21 Mar 2018 at 14:03hrs | Views
The decision that was taken by MDC-T deputy leader, Thokozani Khupe to part ways with the violent MDC-T leader Nelson Chamisa, is a positive development which will highlight her potential in leading a genuine MDC T faction that adheres to the party constitution as envisioned by the founding fathers.

The split between Dr Khupe and Chamisa follows nasty power struggles that rocked the MDC-T since the death of their founding president Morgan Tsvangirai last month. Before the death of Tsvangirai, Khupe clearly noted that she was against the idea of forming an alliance with other opposition parties. However, Khupe's line of thinking was ignored, a situation which made her bitter to the extent of boycotting any political activities including meetings that were held and organised by the MDC-T leadership.

 Prior to the announcement of Khupe's split, Chamisa and the MDC-T national executive council gave her a seven day ultimatum to engage with that party's leadership and threatened that failure to do so would result in a disciplinary action taken against her. With previous events which led to the bashing of Khupe by that party's vanguard in Bulawayo and Buhera, she decided to pay no attention to Chamisa's order.

The fact that Chamisa was now leading MDC Alliance meant that Khupe was going to be a nonentity in that opposition coalition. MDC Alliance has principals from other opposition parties who include leaders from MDC-N, Transform Zimbabwe, Multiracial Christian Democrats, ZimPF, People's Democratic Party and Zanu Ndonga. The top brass of the alliance would obviously be selected from the alliance principals.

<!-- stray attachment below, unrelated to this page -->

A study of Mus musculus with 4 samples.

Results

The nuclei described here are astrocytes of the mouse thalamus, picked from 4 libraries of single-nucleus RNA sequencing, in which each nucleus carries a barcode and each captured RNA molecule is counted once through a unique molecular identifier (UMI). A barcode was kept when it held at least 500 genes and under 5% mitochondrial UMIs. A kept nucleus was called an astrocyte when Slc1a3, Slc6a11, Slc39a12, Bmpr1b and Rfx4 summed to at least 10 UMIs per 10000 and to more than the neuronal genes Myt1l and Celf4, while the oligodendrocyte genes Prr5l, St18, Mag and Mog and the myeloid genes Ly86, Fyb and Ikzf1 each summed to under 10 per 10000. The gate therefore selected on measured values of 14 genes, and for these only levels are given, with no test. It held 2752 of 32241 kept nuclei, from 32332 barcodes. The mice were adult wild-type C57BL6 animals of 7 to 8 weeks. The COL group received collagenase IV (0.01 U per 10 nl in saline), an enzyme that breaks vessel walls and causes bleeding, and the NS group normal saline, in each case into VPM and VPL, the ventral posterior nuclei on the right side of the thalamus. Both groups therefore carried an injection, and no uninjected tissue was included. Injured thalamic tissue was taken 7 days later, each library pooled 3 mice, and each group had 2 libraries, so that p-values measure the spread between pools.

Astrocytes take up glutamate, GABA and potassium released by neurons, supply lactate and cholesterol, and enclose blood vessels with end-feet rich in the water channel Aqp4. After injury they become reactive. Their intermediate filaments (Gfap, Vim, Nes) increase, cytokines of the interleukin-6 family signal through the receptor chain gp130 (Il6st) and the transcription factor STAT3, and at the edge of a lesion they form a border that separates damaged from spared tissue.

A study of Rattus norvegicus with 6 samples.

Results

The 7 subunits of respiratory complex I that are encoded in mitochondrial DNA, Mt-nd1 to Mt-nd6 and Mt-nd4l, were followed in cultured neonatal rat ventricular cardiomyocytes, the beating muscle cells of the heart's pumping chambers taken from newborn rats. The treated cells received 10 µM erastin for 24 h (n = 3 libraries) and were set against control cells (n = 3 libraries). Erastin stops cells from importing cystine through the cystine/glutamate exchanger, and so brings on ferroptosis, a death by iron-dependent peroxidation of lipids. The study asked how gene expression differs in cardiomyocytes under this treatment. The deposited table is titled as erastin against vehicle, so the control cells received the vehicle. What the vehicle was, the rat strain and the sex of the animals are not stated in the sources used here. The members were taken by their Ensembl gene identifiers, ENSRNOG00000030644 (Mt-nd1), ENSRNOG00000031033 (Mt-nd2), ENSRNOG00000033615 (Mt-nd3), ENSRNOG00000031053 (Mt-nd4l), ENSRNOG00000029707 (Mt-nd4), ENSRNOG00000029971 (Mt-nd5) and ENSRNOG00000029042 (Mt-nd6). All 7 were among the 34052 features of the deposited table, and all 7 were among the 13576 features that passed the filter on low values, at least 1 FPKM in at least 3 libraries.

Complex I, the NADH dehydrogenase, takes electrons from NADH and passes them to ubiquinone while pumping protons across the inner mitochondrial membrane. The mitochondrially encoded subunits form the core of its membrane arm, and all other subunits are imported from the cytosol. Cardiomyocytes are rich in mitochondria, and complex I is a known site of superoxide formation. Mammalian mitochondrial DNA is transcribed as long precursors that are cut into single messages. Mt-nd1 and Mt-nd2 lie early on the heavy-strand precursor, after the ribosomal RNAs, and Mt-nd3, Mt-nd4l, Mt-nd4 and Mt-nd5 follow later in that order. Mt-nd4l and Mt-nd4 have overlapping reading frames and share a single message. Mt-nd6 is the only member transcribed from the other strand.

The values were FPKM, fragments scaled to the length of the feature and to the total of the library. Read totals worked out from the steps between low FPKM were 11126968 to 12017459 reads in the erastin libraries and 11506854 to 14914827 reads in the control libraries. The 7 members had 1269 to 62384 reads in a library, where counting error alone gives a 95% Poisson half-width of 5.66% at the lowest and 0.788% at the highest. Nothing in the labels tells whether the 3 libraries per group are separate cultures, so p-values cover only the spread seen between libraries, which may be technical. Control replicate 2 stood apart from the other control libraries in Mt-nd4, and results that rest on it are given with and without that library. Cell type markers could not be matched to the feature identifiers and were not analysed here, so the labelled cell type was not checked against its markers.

Khupe, who worked for approximately two decades under the leadership of MDC-T's late leader Tsvangirai, was supposed to carry on steering the wheel of that opposition party. The way Chamisa and other top leaders in the MDC-T treated Khupe ignited her to break away from that party. As has been proven in Khupe's case, MDC T has no respect for women politicians. If MDC-T really cared about women empowerment, allowing Khupe to lead that party was the obvious action to take. As a constitutionally elected leader and a holder of a doctorate degree, Khupe was the only ideal leader qualified to take over from where Tsvangirai left.

Khupe could have exerted her revenge with the same dosage of violence as received from the Chamisa's faction, however, as a principled leader, her resolution to peacefully leave that opposition outfit was the only proper decision left, kudos to this brave Zimbabwean woman. The MDC-T together with MDC Alliance are known for being aggressive. This could explain the reason why Chamisa is in power as a result of popularism and not constitutionalism. Surely, in this era, who would want to risk his or her life by associating with a violent political party?

Whilst addressing her followers in Bulawayo last Sunday, Khupe said, "Today, we boldly declare that we are the MDC and always shall remain the MDC that believes in not only respecting but also strictly upholding the party constitution as well as culture. Going forward, we hereby immediately dissociate ourselves from members of the MDC who are resorting to the use of wanton violence, intimidation and thuggery as tools for political mobilisation."

After announcing her split, Khupe said she would soon join a coalition with like-minded political parties. As a democrat, Khupe is free to partner with any political party. Most people in Matabeleland are in support of Khupe and her decision to kiss Chamisa and his faction goodbye will enable her to gain more relevance in that region. Chamisa knew quite well that the Matabeleland region backs Khupe, hence his persistence in trying to mend broken relations over dialogue.